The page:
Paddy Wagon

by Charles McGrath

What was the origin of the name "Paddy Wagon"?

The Newark Police Paddy Wagon was a common site in the 1940-1950’s. I believe its main function was to transport arrested persons to the station house (precinct). It was a square shaped van with two externally lockable doors on the back. The interior of the vehicle consisted of two wooden benches facing each other. The exterior rear of the van had two vertical handrails. One of the policemen could hang on to these handrails as they transported the prisoners. This is a poor analogy, but sort of like the garbage men hanging on the back of their truck. My father who was a Newark Policeman worked on one in the 1930's. Sometime in circa 1960 they went to sleep. I believe the four door (sedan) police radio car replaced it. A metal divider separating the front seat from the rear seat provided the necessary security needed for the safe transfer of prisoners.

Over the years I often thought about this vehicle and wondered about the origin of its name. Few will argue that the Irish were referred to as "Paddy” which was considered derogatory. I think the runoff of the name Paddy was from Saint Patrick (in Ireland they loving referred to those you immigrated to this country as “Narrow Backs”). It was also called the Black Mariah, which was related to a tough black woman from the early 1900's. When I was a teenager in the 1950's it was called a "Pie Wagon". Maybe that was a parochial expression because I can't find it any other place, than in my youth.1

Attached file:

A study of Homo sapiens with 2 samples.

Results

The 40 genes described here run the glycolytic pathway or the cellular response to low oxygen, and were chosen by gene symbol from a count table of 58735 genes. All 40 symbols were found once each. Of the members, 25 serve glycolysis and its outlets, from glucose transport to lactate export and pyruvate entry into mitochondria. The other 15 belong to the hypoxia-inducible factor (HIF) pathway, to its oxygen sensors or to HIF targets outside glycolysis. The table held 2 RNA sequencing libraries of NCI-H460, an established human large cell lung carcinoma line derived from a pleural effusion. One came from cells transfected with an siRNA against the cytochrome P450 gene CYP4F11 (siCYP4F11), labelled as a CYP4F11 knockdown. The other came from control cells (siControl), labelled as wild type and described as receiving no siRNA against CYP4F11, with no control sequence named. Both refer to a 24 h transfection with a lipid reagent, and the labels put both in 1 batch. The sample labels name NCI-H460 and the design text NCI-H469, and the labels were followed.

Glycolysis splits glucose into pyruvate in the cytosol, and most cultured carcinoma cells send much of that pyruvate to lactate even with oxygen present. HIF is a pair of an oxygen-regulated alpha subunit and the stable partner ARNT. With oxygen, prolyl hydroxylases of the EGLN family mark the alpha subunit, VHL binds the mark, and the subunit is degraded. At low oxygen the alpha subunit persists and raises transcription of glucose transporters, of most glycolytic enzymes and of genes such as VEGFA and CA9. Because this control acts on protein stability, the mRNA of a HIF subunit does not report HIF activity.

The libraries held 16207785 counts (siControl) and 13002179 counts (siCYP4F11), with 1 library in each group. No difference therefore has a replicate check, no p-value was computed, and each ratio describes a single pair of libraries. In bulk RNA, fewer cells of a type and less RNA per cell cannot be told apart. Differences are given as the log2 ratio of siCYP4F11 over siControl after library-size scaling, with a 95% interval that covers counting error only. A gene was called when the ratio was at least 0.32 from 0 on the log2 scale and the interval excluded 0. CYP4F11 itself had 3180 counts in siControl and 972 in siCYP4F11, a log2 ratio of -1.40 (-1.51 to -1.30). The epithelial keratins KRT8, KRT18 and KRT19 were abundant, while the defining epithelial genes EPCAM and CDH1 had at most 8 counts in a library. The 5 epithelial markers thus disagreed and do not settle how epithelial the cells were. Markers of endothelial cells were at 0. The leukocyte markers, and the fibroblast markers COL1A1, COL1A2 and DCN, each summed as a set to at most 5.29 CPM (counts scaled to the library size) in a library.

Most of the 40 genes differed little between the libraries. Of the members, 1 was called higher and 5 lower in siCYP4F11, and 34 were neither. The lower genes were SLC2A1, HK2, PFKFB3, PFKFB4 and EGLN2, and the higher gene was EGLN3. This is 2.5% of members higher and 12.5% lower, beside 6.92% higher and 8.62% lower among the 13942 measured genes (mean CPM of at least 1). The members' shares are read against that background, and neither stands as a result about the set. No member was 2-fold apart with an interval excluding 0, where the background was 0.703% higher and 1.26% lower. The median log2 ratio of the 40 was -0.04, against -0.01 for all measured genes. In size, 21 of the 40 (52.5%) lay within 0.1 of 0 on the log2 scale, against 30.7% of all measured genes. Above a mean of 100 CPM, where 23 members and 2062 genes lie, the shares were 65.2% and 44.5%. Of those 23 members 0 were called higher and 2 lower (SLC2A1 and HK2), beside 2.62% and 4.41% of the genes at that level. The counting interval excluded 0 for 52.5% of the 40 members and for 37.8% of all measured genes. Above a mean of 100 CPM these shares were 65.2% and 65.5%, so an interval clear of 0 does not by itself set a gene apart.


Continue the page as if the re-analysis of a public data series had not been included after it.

Many Irish became politicians, barkeeps, laborers, firemen and policemen. To the best of my knowledge the Irish policemen were not referred to as "Paddies”. They were referred to as "Whales". They were called this because they were big men and had large stomachs not unlike my father. The Irish deservingly or not, were referred to as the "Fighting Irish”. They would only argue so long and then they would start fighting. Remember the nickname of Notre Dame's football team?

It's my contention that the name came from the transportee rather than the transporter.

It wouldn’t be politically correct today but it didn’t seem to bother the Irish. Not unlike the Jews and the Blacks they countered it with humor. I think that’s why most comedians came from those three groups.